More venison schedules lifts as processors report frozen stocks are now moving more freely, and chilled interest is positive with early orders.
With low stocks and falling breeding numbers, prospects of shortages are likely, but industry planners will be wary of unsustainable price lifts that history has shown caused damage to sector growth.
Their goal is to reshape the traditional venison schedule price curve, by keeping the highs for longer by expanding out of season chilled sales, and lifting the lows by adding value to lower priced cuts.
A surge in interest of farmers wanting to join the advanced party concept show producers are keen to look at new ideas to improve profits within their business, and this is an integral part of the Passion2Profit program.
The new direction for the velvet sector is the healthy food market which now is consuming 20% of the product, but producers need to grow this share further, as still the largest part is commodity driven and subject to supply pressures, and reports reveal the some growth maybe returning from Chinese velvet farmers.
A small lift this week with lamb schedules but market concerns remain, held back by good domestic production by UK and Chinese farmers, resulting in very slow sales to these important export destinations.
Schedules are now 80-90c/kg back on where they were last year, and with little prospect of much of a spring lift and farmer confidence plummeting.
Some behind the scenes action in the two co-operatives, as shareholders work at getting sufficent numbers to enforce a special general meeting, with a goal to direct the directors and CEO's of both companies to seriously discuss cost savings from a merger, as suggested in the MIE funded report.
The agenda in the Red Meat sector conference in early July suggests some in the sector believe the status quo is the future, but with sheep numbers dropping 1million a year for the last 20 years, and present returns under the cost of production, most believe a new approach is needed for survival.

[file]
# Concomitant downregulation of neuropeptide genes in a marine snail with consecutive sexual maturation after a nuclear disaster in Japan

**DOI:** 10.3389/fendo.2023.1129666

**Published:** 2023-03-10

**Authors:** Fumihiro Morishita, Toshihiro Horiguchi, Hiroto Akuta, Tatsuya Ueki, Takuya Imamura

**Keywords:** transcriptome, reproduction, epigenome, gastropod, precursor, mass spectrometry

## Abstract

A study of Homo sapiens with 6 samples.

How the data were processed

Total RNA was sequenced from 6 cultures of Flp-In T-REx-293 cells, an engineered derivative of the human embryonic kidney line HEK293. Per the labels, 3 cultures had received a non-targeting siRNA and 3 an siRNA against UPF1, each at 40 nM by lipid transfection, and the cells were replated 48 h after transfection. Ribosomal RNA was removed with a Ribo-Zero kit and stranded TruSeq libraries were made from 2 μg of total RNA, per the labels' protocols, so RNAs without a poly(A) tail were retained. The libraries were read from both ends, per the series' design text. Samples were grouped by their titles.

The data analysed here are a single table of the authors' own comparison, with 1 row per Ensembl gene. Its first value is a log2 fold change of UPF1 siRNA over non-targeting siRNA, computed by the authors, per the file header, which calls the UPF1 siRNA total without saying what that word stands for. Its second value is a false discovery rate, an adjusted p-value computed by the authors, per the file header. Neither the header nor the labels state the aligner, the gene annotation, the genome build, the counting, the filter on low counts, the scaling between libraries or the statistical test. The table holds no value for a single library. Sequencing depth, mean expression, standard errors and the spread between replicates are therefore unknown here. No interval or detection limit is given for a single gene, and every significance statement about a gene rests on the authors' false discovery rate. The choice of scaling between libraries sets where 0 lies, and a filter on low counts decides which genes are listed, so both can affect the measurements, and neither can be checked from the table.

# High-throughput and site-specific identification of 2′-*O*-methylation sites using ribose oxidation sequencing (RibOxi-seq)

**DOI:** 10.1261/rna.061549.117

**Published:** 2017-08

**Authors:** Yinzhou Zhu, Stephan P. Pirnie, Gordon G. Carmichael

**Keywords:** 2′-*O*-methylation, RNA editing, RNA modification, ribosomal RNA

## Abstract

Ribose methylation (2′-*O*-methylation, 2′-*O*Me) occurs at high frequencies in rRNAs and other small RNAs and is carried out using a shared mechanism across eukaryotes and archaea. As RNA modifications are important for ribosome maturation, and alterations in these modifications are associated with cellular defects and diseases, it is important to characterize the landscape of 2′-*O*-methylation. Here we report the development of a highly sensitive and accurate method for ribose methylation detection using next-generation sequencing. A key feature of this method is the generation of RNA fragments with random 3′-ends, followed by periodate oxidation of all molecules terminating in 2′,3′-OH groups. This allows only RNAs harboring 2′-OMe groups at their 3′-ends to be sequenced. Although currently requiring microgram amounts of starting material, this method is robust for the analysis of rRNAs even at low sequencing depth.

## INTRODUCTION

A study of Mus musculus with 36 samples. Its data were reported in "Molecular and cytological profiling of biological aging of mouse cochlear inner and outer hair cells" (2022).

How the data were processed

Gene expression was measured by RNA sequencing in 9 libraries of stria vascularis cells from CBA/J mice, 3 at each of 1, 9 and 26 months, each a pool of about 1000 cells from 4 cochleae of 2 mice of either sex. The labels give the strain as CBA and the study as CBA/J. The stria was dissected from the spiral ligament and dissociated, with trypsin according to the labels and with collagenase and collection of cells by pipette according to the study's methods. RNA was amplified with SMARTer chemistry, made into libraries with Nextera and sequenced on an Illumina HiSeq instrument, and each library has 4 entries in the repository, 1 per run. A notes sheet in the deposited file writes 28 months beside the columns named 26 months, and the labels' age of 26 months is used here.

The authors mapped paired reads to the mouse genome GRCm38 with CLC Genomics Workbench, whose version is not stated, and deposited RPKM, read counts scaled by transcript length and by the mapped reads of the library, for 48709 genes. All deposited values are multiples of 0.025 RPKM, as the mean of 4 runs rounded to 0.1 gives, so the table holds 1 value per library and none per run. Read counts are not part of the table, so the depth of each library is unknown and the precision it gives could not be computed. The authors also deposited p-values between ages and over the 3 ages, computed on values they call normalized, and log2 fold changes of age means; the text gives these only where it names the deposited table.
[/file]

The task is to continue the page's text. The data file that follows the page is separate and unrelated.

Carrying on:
Scanning rates in the drought areas have been back by at least 25% for the reduced numbers of ewes kept, and concerns about how these animals are going to be fed in the spring has seen share farming proposals suggested, to prevent some of these animals from being culled.
Good in lamb ewes have been traded for over $100/head in saleyards but store lamb prices have failed to lift reflecting poor prime lamb prospects.
Managers are being urged to use scanning and body condition scoring to target the efficient use of scarce winter feed, in the run down to lambing.
The last sale of the season was a double island event that saw a good clearance with firm prices for all indicators except fine crossbred, which eased back from it’s recent strong price levels.
Season average prices rose for all micron levels except merino, with the star in the stable being lambs wool which lifted 128c/kg clean on last year.
Merino NZ reports that in the last 2 years merino contracts have earned producers $23 million dollars ahead of the spot market, and encourage producers to look long term in their vision for wool.
Beef schedules lifted as the currency eased again, and the early kill reduced supply of killable animals for the chilled market.
Processors report both NZ and Australia will fully utilize their quota volumes into the US market for the first time in 5 years, as demand in that country has been driven by a shortage in domestic supply.
Prospects look good for rising prices in the spring when shortages of quality animals could occur, and store animals at saleyards which will finish before christmas are already attracting premium prices.
Ospri announced they now have a goal of eradication of TB in NZ deer and cattle herds by 2026, and have opened submissions for stakeholders to contribute to the plan.
Bull sales have been buoyant with strong prices, and one stud Angus bull sold for a record $100,000 to top the market.